Many McCarthy proposals 'make no sense' - Coughlan


Tánaiste Mary Coughlan told the Dáil today that many of the recommendations of the McCarthy report into Government spending "don't make sense".

The report of the Special Group on Public Service Numbers and Expenditure Programmes, which was released in July, contains recommendations aimed at achieving savings of €5.3 billion in public spending per annum.

Ms Coughlan made the comment during an exchange with Labour leader Eamon Gilmore, who accused the Government of "making a mess" of prison spaces.

Mr Gilmore called on the Tánaiste to state the Government would reject the McCarthy report recommendation that 350 Garda stations across the State should be closed.

"What sense is there in closing 350 Garda stations to make savings of €1 million. You could make that saving by abolishing two ministers of state. This recommendation doesn't make any sense, it is nonsense . . . particularly when the savings are so small."

Ms Coughlan said all the proposals in the McCarthy report were being considered within the budgetary framework. "There are many recommendations within McCarthy that don't make sense, many," she said. "But it will be a matter for the Government to make the appropriate decisions."

In response, the Minister for Finance said the McCarthy report was "key" to the budgetary process was key to the budgetary process.

The Department of Finance has written to other departments emphasising they should fully consider its recommendations "and if they do not propose to implement these recommendations then they should provide alternatives and reasons why the recommendations are not being implemented".

Fine Gael's Leo Varadkar said Ms Coughlan's comments on the McCarthy report exposed a "incompetent and dithering Government".

"Now that Brian Cowen has set himself against tax increases and the recommendations of the Commission on Taxation, and Mary Coughlan has now set out the Government's opposition to the McCarthy Report, it is clear that the Government has lost any residual trace of credibility on restoring our economy and public finances to good health," he said.

"Coming on top of the Nama gamble to bail out the banks and developers it exposes the indecisive and self-serving style of governance that has brought our economy to its knees."

He said the Government had all summer to consider the McCarthy report and now has two months "to prepare the most important Budget ever drafted".

"Given that the Taoiseach has confirmed that the Commission on Taxation Report has effectively been shelved, how exactly is this shambolic Government planning to cut the enormous, and growing, deficit?"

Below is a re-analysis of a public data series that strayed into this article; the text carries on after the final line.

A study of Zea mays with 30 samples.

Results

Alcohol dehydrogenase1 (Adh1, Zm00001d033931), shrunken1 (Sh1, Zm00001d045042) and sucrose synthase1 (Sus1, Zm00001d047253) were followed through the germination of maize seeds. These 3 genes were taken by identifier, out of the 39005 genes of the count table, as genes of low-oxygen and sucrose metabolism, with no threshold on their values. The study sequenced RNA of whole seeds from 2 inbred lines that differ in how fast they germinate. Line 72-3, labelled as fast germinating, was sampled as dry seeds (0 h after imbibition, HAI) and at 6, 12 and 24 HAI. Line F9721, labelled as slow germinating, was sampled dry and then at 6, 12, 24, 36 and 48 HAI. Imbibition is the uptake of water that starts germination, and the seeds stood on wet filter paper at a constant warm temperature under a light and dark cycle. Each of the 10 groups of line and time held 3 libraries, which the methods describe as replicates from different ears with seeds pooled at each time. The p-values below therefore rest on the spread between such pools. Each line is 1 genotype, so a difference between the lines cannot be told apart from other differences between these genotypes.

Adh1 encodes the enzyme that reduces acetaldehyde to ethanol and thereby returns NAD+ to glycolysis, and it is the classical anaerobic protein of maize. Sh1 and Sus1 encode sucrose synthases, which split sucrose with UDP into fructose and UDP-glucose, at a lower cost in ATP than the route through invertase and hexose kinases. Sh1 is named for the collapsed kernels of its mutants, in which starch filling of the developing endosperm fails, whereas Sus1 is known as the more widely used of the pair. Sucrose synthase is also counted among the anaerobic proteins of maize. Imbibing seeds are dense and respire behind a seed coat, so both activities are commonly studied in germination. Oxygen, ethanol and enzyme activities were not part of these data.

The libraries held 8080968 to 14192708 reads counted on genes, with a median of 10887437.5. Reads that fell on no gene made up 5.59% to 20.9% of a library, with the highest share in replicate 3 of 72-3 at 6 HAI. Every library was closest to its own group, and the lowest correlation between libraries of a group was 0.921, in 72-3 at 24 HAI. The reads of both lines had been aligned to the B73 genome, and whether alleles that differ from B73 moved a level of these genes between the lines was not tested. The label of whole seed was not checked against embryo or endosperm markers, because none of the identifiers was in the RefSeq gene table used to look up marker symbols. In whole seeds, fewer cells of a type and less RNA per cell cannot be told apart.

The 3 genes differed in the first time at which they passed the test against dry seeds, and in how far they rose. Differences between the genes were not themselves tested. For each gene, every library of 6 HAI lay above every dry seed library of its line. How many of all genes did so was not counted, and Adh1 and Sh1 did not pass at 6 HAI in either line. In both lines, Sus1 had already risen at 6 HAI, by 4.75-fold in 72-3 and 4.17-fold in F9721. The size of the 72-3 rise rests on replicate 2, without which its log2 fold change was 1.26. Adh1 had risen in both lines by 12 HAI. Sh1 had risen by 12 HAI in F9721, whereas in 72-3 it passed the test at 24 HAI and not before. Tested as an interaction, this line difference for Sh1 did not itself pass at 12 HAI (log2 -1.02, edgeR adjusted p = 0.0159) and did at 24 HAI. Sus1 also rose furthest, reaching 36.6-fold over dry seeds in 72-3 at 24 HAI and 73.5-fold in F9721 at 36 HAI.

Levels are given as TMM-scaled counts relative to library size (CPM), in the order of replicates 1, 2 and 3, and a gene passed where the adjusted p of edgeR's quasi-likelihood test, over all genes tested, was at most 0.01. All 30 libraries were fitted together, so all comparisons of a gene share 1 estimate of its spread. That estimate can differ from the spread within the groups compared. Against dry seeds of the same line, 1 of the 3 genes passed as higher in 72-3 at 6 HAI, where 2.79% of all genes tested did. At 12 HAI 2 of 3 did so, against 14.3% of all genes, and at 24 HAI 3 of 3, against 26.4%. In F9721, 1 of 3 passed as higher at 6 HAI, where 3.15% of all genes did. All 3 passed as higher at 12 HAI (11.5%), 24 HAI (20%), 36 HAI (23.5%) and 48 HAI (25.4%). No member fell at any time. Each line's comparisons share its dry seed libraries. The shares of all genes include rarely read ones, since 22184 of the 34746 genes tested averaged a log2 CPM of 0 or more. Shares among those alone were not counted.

In a statement this afternoon, Mr Gilmore said the attempt by the Tánaiste "to distance herself" from An Bord Snip recommendations and a "statement of rebuke" from the Minister for Finance "is an indication of the disarray in Government".

"Since the report was published certain government ministers have tried to distance themselves from the recommendations despite the fact that many of these did not originate with members of the Bord but were based on submissions made by the Department of Finance and other government departments. It is the government that has driven the cuts agenda from the very beginning and the whole purpose of the Bord Snip process was to provide them with political cover," Mr Gilmore said.

"If Mary Coughlan genuinely believes that that there are many aspects of the report 'that do not make sense', then there is an obligation on her spell out which particular recommendations she feels make no sense and those she regards as making sense."

Minister for Arts, Sports and Tourism Martin Cullen and Minister of Community, Rural Gaeltacht Affairs Eamon Ó Cuiv have both previously criticised the report's recommendation that the functions of their department should be transferred to other departments.

Earlier in the Dáil, Mr Gilmore extended his sympathies to the family of Paddy Barry, who died following a burglary at his Waterford home, and said the death brought into focus the fear that many elderly people have due to anti-social behaviour and criminal activity.

He said that fear would be exacerbated by a report this week that stated one in seven prisoners were currently out on temporary release "largely because the Government has made a mess of prison places".

He told TDs the Shanganagh facility for young offenders had been closed in his own constituency and that he would call for it to be reopened but it has been sold to a developer.

Earlier this week, the Irish Prison Service (IPS) has said that "dramatic increases" in the number of sentenced prisoners were leading to overcrowding and that temporary release had been used to reduce numbers in times of serious overcrowding.

Addressing the Dáil yesterday, Minister for Justice Dermot Ahern said there were currently 545 prisoners on temporary release, representing 12 to 13 per cent of the prison population.